Nicole Hardin
Nicole Hardin

“It’s clear that today’s US tax system has costly implications to small and medium businesses, from both a productivity and cost standpoint,” said Nicole Hardin, Director of Product Management, Sage Business Cloud Financials. “The research shows that both medium and small business in the US are suffering from paying a greater proportion of taxes than large companies, breeding inefficiency within the economy and impacting the US workforce whether full time, self-employed or contractors.”

The Sage research

Undertaken by Plum Consulting, the research analyses the impact of direct and indirect costs of tax on SMES, based on a survey of over 3,000 companies across 11 global markets. The research reveals that micro-businesses (defined as businesses with one to four employees) spend twice as much time on tax-related accounting compared to medium-sized companies (defined as having 100-499 employees). The key lies in the fact that these firms spend the largest percentage of working time per year on tax administration compared to any other business.

The report says:

  • micro-businesses spend the highest number of days per year (nearly 30) on tax-related accounting
  • small firms spend the greatest proportion of their working time per year on this type of administration (nearly 6% compared to nearly 4% for micro-firms)
  • medium-sized companies spend less than 1% of their working time annually on tax administration.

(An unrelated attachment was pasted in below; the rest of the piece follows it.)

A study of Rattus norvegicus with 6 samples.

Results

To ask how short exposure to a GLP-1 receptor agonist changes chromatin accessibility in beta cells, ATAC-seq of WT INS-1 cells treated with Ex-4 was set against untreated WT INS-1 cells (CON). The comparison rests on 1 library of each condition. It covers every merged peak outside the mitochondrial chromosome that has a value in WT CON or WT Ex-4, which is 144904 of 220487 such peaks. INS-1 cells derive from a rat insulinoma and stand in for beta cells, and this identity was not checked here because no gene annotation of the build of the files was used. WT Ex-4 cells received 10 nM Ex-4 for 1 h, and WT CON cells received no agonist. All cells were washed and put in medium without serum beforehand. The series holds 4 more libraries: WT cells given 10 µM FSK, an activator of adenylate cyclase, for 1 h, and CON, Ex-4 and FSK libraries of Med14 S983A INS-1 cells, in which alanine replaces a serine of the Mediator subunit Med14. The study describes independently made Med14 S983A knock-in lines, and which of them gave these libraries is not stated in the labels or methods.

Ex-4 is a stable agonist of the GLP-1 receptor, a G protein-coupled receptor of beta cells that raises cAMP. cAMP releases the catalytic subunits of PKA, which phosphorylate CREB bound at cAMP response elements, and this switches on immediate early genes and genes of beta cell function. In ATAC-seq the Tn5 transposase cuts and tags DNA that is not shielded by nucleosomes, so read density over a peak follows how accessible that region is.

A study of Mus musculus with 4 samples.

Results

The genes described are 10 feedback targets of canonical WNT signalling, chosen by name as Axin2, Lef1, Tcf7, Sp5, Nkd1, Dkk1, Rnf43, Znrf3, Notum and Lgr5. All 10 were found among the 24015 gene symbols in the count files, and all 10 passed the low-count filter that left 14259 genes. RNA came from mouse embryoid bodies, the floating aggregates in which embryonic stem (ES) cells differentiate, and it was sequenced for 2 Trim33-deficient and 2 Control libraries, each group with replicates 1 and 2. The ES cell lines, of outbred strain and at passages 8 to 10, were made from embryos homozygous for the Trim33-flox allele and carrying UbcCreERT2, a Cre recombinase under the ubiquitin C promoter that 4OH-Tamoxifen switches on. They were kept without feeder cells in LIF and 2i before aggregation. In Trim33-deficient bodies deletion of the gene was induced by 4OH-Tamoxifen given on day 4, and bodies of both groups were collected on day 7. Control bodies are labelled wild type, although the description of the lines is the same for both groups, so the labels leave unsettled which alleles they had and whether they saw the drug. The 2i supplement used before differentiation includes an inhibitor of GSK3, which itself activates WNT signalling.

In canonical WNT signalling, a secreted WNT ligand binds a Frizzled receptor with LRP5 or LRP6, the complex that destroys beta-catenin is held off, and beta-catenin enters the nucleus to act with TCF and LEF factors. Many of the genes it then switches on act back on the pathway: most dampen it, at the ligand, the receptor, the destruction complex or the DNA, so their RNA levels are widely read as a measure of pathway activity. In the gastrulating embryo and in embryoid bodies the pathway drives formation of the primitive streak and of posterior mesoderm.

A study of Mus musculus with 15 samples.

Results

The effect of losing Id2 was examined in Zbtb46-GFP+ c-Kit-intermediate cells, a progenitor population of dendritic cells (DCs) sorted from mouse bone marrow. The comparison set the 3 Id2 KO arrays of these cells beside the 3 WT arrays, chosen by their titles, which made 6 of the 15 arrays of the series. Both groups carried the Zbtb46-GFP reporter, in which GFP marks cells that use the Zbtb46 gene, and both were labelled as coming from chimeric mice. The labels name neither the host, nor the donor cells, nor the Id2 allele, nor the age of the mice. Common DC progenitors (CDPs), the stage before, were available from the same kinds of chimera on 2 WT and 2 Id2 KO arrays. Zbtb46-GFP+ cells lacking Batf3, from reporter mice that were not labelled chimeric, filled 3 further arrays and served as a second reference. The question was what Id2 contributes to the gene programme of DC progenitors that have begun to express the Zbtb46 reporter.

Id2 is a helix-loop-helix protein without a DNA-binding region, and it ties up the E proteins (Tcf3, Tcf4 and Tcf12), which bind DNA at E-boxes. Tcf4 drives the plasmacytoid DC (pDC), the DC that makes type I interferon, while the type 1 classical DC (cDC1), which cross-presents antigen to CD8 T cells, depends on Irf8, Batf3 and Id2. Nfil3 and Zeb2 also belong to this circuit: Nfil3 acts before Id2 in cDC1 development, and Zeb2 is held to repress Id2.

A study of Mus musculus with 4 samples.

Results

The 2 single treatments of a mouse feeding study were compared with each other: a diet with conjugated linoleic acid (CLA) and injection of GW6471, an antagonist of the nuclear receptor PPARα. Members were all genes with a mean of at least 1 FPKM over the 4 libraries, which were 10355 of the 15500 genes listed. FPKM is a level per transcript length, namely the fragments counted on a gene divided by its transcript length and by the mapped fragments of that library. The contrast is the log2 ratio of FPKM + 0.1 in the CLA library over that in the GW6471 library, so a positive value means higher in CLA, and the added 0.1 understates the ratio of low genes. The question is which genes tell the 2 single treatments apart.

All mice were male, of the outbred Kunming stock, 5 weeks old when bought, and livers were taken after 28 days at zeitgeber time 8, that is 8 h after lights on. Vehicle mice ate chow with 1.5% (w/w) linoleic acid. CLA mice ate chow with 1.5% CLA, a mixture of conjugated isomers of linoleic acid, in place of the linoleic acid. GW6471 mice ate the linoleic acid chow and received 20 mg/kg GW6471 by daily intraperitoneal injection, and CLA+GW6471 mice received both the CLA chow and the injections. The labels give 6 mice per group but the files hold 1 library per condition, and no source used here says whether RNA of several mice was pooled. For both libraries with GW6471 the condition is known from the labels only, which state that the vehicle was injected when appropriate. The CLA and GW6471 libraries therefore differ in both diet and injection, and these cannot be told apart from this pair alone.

In contrast to the global view, results in the United States paint a different picture in terms of the percentage of profits a firm pays as tax and its size:

  • medium-sized companies pay the highest proportion of taxes related to profits (>20%)
  • small companies pay 13%.

This suggests the main issue lies within the current tax system in the US.  Small and medium businesses appear to be at a disadvantage (compared to large companies) when they have to:

  • pay more tax as a percentage of profits
  • spend more time on tax-related administration, putting them at a disadvantage .

The US irony?

SMEs make a significant contribution to the US economy. They represent 53% of all businesses and employing 48% of the total labour force. Ergo, the success of these businesses is crucial to the growth of the US economy, and driving their productivity and growth needs recognition of the numerous issues they face as by-product of their size.

Limited resources and large payments – such as annual tax bills – contribute to cashflow problems as well as operational inefficiencies. The impact of unproductive hours which SMES must incur every year dealing with administrative burdens has an implied price (less profits to tax).

What does this mean

What the Sage/Plum Consulting research confirms is that Governments want (tax) revenues but spend far too little time considering how they obtain these. As is so often the case with large organisations (whether commercial or governmental) they seem incapable of imagining how small enterprises work. In acid terms, when you have an army of colleagues who might assist, you do not consider the implications for SME owners and managers with limited resources who might better deploy those limited resources to increase profits.

What the Sage/Plum Consulting research does not explicitly say is simplification of tax systems would probably lead to greater profits and, potentially, bigger tax revenues. Instead, complexity rules.

In some ways this is good for the likes of accounting software vendors, such as Sage. They can offer more added value if they make tax calculations and returns easier. For economies as whole, however, reducing value-subtracting bureaucracy and increasing profits would, one would think, be preferable.